Juliet Takes a Breath by Gabby Rivera

Finally, finally, finally, I got my hands on a copy of this novel. I’ve been keeping an eye out for it ever since it took the book blogging world by storm. Juliet Takes a Breath stars the titular character, Juliet, a queer, latina college student on a journey that involves discovery of herself, and the world. She is leaving Bronx for Portland to begin an internship with a famous feminist author, Harlowe Brisbane. She’s one who instigated Juliet’s feminist awakening, and of course Juliet can’t help idolising her.

1Before leaving on her trip, however, she has summoned up all her courage to come out to her family. They’re not exactly delighted. In fact, Juliet’s mother retreats into silence, and Juliet leaves for the next stage of her journey, in agony over whether her mother will accept her identity.

Portland, when she does get there, is not without problems. She’s thrown into a whole new world of meanings, and ways of being. She finds that her heroines are not who she thought they were, and that searching for a community of like-minded people who will accept her can be an uphill climb.

Juliet is an endearing character. She is warm, and curious and exactly one of those characters you wish was real so you could be friends with them. Her tone is vivid and effusive. It sort of jumps off the page at you, and you can really hear her in your head. She really is like Holden Caulfield for the contemporary, queer youth, except much less whiny and annoying.  I adored the relationships she had with her younger brother, her aunts, and her cousins. Overall, Juliet’s family seems pretty close, but that intimacy reaches out to her extended family as well, and you can see that a lot of love and warmth are at the heart of it.

However, the characters were also lacking in good development. There could have been a lot more exposition. A lot of it is also due to the fact that there was a lot more telling than showing. So much of the conversation between characters was narrated to me, instead of allowing me to “listen in” on the dialogue. This became a little frustrating because it started to feel like I was reading from a journal, with someone recounting a scene to me, as opposed to me being able to view the scene for myself. This really detracted from the book, especially as it seems to be a title targeted for older Young Adult, or New Adult (adults who are college, and post-college age) audiences. There were also several typos throughout the novel, and it could have probably used another edit or two.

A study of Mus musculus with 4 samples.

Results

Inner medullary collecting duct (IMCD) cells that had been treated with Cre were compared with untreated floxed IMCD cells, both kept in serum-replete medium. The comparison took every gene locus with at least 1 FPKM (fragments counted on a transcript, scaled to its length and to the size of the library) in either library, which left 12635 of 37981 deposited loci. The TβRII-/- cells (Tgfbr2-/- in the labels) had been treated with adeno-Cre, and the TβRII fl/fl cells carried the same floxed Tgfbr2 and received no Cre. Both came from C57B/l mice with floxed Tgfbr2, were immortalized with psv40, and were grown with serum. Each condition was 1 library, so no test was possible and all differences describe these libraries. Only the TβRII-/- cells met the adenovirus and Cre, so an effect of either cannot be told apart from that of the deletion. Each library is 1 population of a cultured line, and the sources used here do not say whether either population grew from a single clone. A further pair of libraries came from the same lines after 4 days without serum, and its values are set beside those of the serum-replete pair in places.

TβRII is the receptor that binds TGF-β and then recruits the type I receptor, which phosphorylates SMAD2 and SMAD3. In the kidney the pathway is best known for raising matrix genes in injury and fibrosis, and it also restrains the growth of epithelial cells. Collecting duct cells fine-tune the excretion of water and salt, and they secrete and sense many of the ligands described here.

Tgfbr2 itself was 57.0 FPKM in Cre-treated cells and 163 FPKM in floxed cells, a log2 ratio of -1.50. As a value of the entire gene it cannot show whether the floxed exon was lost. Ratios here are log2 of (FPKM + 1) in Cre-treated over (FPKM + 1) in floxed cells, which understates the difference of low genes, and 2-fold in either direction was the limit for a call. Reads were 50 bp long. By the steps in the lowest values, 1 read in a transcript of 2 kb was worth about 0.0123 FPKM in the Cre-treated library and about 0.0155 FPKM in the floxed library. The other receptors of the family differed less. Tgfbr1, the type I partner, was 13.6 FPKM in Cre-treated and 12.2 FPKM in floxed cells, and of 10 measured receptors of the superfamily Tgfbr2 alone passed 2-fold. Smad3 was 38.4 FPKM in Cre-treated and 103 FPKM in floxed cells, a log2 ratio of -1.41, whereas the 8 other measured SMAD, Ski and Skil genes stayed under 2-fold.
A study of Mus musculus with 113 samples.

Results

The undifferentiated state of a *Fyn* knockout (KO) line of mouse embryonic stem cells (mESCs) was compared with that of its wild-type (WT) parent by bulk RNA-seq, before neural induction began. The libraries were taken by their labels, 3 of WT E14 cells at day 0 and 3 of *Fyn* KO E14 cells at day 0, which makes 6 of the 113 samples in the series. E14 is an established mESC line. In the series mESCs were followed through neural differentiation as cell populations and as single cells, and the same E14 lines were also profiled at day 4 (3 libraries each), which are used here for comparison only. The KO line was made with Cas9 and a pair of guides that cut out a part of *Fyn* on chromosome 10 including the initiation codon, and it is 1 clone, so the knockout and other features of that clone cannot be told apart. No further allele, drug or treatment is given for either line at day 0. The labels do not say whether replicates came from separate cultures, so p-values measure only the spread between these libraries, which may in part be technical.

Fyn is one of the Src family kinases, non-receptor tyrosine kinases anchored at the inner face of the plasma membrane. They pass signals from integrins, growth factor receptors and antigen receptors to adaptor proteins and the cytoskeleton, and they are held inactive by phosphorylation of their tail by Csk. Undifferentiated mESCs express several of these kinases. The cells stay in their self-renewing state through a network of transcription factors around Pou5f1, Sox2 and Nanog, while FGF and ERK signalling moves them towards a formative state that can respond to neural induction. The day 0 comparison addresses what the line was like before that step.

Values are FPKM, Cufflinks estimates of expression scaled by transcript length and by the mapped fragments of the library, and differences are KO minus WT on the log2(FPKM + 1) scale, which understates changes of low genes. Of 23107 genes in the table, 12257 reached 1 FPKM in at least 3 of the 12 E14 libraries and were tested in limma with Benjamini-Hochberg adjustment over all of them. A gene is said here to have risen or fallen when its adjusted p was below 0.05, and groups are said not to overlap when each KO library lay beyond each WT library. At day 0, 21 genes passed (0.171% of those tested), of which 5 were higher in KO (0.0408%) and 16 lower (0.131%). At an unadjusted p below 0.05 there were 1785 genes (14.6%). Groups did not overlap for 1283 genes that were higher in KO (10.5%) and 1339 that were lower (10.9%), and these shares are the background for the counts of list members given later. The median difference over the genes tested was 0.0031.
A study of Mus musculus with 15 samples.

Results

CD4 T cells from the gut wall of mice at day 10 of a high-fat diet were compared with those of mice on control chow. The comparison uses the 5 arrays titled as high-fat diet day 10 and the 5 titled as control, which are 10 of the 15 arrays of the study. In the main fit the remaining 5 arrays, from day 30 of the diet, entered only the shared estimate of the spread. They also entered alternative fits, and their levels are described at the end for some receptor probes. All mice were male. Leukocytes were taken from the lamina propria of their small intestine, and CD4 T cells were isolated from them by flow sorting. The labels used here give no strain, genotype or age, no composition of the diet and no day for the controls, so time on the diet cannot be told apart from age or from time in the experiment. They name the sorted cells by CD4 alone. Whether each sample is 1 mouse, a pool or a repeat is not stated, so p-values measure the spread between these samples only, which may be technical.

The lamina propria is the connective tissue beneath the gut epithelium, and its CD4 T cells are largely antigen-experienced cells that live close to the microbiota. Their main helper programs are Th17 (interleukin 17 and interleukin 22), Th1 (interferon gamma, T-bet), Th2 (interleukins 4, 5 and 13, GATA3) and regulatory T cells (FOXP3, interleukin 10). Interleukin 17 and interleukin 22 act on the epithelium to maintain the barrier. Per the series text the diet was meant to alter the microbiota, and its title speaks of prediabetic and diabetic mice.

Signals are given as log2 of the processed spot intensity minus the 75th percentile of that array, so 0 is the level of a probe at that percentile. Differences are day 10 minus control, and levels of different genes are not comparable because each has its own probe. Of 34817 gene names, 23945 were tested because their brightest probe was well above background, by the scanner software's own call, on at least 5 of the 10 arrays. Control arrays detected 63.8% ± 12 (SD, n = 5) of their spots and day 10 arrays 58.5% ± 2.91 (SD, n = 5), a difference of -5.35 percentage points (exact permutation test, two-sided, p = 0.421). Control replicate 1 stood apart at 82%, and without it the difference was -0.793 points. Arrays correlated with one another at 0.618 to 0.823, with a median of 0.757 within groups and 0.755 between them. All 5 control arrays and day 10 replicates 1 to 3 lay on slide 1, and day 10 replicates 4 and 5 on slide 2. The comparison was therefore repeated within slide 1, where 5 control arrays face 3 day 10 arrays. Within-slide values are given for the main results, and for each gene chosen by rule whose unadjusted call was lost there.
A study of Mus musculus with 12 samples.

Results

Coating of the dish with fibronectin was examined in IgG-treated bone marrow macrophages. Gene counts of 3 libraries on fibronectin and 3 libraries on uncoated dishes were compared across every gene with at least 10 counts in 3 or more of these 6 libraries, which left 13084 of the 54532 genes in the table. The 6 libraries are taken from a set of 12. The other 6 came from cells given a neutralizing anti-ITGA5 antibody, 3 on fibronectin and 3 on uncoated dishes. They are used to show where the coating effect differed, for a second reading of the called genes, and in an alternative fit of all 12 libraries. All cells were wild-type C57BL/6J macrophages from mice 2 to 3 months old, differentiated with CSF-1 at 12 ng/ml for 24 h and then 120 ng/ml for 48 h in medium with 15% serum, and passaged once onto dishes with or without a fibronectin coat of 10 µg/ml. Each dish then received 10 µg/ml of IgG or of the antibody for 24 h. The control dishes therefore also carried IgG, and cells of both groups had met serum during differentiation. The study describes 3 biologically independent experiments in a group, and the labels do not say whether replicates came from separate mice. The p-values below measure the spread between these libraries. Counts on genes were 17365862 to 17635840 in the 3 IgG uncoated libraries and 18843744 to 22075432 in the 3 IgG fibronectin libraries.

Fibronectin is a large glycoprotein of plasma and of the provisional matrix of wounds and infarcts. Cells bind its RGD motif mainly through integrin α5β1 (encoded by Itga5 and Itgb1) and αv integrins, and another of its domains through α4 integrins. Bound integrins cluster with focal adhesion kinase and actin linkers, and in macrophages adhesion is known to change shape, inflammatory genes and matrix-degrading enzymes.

Having mentioned the above, I do appreciate the fact that this book has arrived at a time when there are few like it. It deals with a young, latina character exploring her sexuality, her personal identity, as well as her academic identity. It explores issues of inclusiveness, diversity, and intersectionality. These are all extremely rare things in the world of young adult literature, and for that I’m excited for this novel, for where it has gone, and will continue to go.

I will just include a link to a review here that examines a careless comment made by Juliet regarding the Native American community. Overall, Rivera was quite good about untangling Juliet’s mistaken assumptions, but this one was never addressed, which this reviewer discusses.

I would certainly recommend this book to anyone and everyone. If you see it, pick it up, read it, share it. It deals with a lot of important issues, and shines light on many things that need to be discussed openly.